Mining Mergers Fuel Second-Best Start for Canadian Takeovers in 12 Years
Canadian companies were involved in $16.4 billion in announced mergers and acquisitions in January, second only to the $21.2 billion raised in the same month in 2007, according to data compiled by Bloomberg. There were 149 deals last month, with an average disclosed price of at least $195.1 million and an average premium of 14 percent.
“We are off to a strong start and frankly we don’t see things slowing down anytime soon,” Andre Hidi, head of global mergers and acquisitions at BMO Capital Markets in Toronto, said yesterday in an interview. “I can’t think of a time we’ve been busier.”
Hidi says this year may surpass 2010, both in terms of value and number of transactions.
“I expect this year to be at least as busy, and probably busier than last year,” said Hidi, 50.
Canada’s largest transaction last month was Cliffs’ $4.48 billion agreement to buy Montreal-based Consolidated Thompson Iron Mines Ltd. Cliffs, North America’s largest iron-ore producer, announced the offer on Jan. 11. The second-largest transaction came a day later, when Inmet agreed to buy Lundin Mining Corp. for $4.15 billion.
“We expect mining to continue to be extremely active, both in the precious-metals and base-metals subsectors,” said Hidi, whose firm, a unit of Bank of Montreal, advised Consolidated Thompson. “I expect to see a broadening of activity to a number of other sectors including financial institutions, consumer industrial companies and energy as well.”
Diversity of Deals
The third-biggest deal in Canada in January was Minneapolis-based Target Corp.’s $1.85 billion agreement to buy as many as 220 Zellers store leases from Hudson’s Bay Co. Toronto-based Brookfield Asset Management Inc. agreed to buy a stake in General Growth Properties Inc. from Fairholme Capital Management LLC in a transaction valued at about $1.7 billion.
The amount of the takeover offers in January was more than double the value a year earlier, when Canadian companies were involved in 165 transactions worth at least $6.76 billion. For all of 2010, Canadian firms announced 2,091 deals valued at $198.3 billion, the most since the record $332.4 billion in 2007, according to Bloomberg data. Figures are current as of today and are subject to change as more deals are recorded.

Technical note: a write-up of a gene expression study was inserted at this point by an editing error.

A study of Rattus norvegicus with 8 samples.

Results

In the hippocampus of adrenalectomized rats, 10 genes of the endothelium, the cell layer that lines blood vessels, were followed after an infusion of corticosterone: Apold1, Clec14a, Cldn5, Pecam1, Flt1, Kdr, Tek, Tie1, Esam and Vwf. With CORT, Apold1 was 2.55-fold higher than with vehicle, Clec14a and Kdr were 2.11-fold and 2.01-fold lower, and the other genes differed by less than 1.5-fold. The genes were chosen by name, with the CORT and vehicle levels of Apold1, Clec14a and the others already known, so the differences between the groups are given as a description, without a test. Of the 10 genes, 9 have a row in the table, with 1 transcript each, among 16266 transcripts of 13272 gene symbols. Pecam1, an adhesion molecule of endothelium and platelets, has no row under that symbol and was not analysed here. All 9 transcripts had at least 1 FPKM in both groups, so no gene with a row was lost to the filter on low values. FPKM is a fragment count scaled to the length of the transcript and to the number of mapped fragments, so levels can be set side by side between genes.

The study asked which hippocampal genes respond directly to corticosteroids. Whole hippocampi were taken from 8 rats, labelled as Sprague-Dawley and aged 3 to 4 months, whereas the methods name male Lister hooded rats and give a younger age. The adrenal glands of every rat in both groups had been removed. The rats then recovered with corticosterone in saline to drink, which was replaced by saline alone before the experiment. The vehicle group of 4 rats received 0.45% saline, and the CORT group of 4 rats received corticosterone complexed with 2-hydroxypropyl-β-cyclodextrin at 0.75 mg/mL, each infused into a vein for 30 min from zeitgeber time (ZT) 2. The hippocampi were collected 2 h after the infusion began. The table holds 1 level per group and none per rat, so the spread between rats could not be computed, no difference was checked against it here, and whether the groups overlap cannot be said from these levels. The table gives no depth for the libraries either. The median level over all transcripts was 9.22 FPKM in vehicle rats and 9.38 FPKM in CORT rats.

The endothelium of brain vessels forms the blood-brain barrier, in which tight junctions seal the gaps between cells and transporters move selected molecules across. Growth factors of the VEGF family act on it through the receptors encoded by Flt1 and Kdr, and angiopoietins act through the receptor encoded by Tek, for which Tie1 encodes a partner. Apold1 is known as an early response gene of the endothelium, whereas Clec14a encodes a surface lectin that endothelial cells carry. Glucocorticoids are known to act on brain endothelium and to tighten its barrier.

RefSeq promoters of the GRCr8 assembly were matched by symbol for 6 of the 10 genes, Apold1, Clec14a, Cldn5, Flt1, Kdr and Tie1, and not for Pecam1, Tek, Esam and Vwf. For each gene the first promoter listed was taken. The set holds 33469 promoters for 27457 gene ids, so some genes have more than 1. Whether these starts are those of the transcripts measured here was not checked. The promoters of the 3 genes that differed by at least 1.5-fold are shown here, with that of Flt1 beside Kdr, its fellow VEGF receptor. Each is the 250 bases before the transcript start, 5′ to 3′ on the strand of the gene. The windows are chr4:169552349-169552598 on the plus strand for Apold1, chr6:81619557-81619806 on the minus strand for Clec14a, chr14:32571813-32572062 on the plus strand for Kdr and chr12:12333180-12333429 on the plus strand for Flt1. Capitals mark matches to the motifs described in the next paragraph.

“What we’re seeing is a continuation in January of a very strong M&A market that we had in the latter half of last year,” said Mike Boyd, head of mergers and acquisitions at CIBC World Markets, which advised Inmet.
Transactions are being fueled by a recovery of equity markets since the global recession, rising corporate confidence and low interest rates that keep costs for financing takeovers low, Boyd said in an interview.
Resource-rich Canada is also faring well because of rising commodity prices, he said.
Gold prices in New York have gained for 10 straight years and reached a record of $1,432.50 an ounce on Dec. 7, while copper has surged more than 40 percent in the past 12 months, today hitting a record of about $4.51 a pound. Prices have also increased for crude oil, iron ore, potash and metallurgical coal.
“Resources are still very much in demand in the developing world and in focus for investors,” BMO’s Hidi said. “That bodes well for activity for the rest of the year.”
PricewaterhouseCoopers LLP says 2011 will be an “outstanding year” for Canadian acquisitions. Global public companies have more than $3 trillion in cash reserves, and private-equity firms have $500 billion, the accounting firm said in a Jan. 20 report.
“We are going to see a very strong market for deals,” Kristian Knibutat, national deals leader at PricewaterhouseCoopers in Toronto, said in a telephone interview. “You’ve got money, the ability to borrow and you’ve got the desire.”